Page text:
BORIS Johnson has agreed a free trade deal with Australia which will slash the price of wine imports and boost sales of British whisky, cars and cakes.
The Prime Minister yesterday said the agreement - the first negotiated from scratch after Brexit - shows ‘global Britain at its best’.
It removes tariffs on £4.3billion of exports to Australia, including Scotch whisky, Mr Kipling cakes and Cadbury’s chocolate, as well as gin, cheese and cars.
Britain will scrap tariffs on wines including Jacob’s Creek and Hardys, amounting to 20p per bottle, as well as Tim Tam biscuits and Vegemite, saving UK households up to £34million a year.
The deal will also open up opportunities for young Britons to travel and work Down Under, with the requirement to do farm work scrapped.
To celebrate, Mr Johnson and Australian premier Scott Morrison posed with a hamper of goods from each other’s country, including a personalised jar of Vegemite bearing the name Boris.
But British farmers have expressed fears that the agreement could undermine animal welfare standards.
Minette Batters, president of the National Farmers’ Union, said: ‘While the Government has previously been keen to highlight how our free trade agreements will uphold our high standards of food production, there has always been a question mark over how this can be achieved while opening up our markets to food produced to different standards.
‘We will need to know more about any provisions on animal welfare and the environment to ensure our high standards of production are not undermined by the terms of this deal.’
No 10 said hormone-fed beef will not be allowed to be sold in British supermarkets under the deal and stressed there is an entire chapter on animal welfare in the agreement, which is yet to be published in full. The Prime Minister’s spokesman insisted: ‘We are absolutely not compromising our high animal welfare and food safety standards.’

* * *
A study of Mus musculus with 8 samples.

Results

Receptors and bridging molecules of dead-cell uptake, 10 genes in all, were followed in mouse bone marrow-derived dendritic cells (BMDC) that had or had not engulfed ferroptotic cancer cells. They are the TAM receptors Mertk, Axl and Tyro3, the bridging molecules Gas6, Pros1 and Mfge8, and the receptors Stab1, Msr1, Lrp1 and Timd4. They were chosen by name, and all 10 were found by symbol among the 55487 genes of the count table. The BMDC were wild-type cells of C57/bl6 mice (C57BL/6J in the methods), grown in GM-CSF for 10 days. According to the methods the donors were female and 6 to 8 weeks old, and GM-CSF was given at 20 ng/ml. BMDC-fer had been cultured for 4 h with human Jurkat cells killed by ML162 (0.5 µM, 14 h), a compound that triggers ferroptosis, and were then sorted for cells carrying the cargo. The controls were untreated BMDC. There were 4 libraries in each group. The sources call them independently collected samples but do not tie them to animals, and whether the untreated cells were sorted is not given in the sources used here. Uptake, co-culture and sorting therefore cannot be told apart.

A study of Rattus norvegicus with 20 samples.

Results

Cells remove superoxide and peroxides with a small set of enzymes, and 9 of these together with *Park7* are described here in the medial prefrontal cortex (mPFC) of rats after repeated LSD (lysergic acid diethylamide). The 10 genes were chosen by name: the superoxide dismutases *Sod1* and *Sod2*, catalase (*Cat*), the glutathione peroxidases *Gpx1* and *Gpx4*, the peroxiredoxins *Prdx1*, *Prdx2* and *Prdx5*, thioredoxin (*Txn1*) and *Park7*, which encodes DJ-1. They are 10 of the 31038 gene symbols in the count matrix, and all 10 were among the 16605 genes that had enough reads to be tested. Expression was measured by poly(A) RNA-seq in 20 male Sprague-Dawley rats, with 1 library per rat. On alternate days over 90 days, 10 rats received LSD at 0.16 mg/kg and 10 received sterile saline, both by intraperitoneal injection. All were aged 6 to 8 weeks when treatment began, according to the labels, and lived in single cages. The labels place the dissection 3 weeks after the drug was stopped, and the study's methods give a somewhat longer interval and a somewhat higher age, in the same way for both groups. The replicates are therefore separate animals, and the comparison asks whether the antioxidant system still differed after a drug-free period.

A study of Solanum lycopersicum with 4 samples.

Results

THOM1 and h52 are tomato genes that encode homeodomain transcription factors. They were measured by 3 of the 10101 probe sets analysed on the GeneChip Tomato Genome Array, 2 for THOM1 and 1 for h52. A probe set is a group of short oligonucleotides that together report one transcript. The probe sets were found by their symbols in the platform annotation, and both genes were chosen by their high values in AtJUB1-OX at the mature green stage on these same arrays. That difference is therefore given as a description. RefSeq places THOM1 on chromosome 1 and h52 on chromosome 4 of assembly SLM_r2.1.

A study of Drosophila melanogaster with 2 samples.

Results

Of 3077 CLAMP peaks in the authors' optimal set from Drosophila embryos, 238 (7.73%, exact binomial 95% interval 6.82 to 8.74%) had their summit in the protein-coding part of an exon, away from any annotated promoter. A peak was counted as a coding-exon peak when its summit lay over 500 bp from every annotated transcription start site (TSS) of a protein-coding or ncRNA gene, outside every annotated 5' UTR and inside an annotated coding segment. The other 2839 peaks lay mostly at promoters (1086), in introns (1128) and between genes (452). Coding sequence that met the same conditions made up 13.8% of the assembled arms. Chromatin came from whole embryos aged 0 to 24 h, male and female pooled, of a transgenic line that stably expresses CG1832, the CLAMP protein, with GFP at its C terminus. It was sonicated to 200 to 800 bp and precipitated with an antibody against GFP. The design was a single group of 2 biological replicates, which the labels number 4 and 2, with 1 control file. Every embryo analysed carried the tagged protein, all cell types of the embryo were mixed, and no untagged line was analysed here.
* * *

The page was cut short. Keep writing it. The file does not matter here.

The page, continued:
Ministers also hope to allay concerns that Australian beef and lamb could flood the UK market by capping tariff-free imports for 15 years.
The deal is expected to boost industries that employ 3.5 million workers, and add around £500million to the economy over 15 years - equivalent to 0.02 per cent of GDP.
UK professional qualifications will be recognised in Australia, while there are also expected to be benefits for British tech companies, the services sector and small businesses.
The main elements of the deal were agreed by Mr Johnson and Mr Morrison over dinner in Downing Street on Monday night. Mr Johnson said yesterday: ‘Today marks a new dawn in the UK’s relationship with Australia, underpinned by our shared history and common values.
‘Our new free-trade agreement opens fantastic opportunities for British businesses and consumers, as well as young people wanting the chance to work and live on the other side of the world.
‘This is global Britain at its best - looking outwards and striking deals that deepen our alliances.’
International Trade Secretary Liz Truss said the agreement ‘paves the way’ for the UK to join the Trans-Pacific Partnership free trade area.
She said this would create ‘unheralded opportunities’ for producers.
But her Labour shadow Emily Thornberry said the precedent set by the deal ‘will send thousands of farmers to the wall, undermine our standards of animal welfare and environmental protection, and threaten the conservation of our countryside’.
MPs will be able to scrutinise the agreement once it is completed later this year, though it will not be voted on in Parliament.